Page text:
Three former Health secretaries from both parties are warning Republicans to avoid impending disaster in the ObamaCare markets and move quickly to stabilize the system, arguing that it would be more advantageous to the party than watching the system collapse.
Former Health and Human Services Secretaries Kathleen Sebelius, Mike Leavitt and Tommy Thompson told the Associated Press that the Trump administration is wrong to think that watching the markets collapse would be the best political decision after the failure by the Republican-majority Senate to repeal the law.
"Stabilizing the current situation can only - I think - be to their benefit," said Sebelius, who served under former President Obama and oversaw the rollout of the individual marketplace at healthcare.gov.
"In an environment in which [insurance] companies are enrolling customers, they've got a lot of time to actually go back to the drawing board and figure this out. The worst of all worlds for them would be to have the current situation unravel because of decisions by this administration."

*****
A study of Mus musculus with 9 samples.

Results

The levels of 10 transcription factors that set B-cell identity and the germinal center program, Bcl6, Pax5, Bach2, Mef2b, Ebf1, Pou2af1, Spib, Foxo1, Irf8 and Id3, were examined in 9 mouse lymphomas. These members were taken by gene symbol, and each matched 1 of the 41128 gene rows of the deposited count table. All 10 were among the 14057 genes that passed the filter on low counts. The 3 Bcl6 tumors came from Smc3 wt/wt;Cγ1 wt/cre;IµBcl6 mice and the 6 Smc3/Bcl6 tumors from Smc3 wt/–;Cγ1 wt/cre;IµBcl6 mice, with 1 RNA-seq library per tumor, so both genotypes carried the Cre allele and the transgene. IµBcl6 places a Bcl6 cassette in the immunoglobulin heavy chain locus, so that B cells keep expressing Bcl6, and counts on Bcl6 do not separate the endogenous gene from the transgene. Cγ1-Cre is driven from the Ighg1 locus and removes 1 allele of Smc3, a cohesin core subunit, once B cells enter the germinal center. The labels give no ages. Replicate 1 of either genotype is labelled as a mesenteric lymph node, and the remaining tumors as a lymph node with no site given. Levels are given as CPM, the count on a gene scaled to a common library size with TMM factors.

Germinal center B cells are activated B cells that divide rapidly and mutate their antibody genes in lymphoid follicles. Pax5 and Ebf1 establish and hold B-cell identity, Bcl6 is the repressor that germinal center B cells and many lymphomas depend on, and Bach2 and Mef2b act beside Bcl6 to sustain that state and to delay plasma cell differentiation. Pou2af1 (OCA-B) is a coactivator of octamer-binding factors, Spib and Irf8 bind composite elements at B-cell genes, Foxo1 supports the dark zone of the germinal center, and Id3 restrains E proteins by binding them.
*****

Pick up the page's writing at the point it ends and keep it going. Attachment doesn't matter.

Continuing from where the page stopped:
Leavitt, who served under former President George W. Bush, agreed. He said that Republicans "won the right" to make changes to the law, but he cautioned that it should be done in a "skillful" way.
"They can make changes that signal a new ideological direction without generating a logistical and political mess," Leavitt said. "They won the right to make changes. However, they should do it in a skillful way."
Thompson, Bush's other HHS secretary, warned the administration against further destabilizing the market, such as by withholding key payments to insurers under the law that are meant to reduce premiums.
"It would be a mistake to further destabilize the [insurance] market," Thompson said.
The Trump administration announced this week that it would continue to make the payments for the month of August but has not made a decision on any subsequent months. Trump has frequently threatened to end the payments, saying the healthcare law is "dead" and threatening to let it implode in order to force a deal with Democrats.
"[T]here is no ObamaCare, it's dead. Plus we're subsidizing it and we don't have to subsidize it. You know if I ever stop wanting to pay the subsidies, which I will," Trump said in May. "Anytime I want."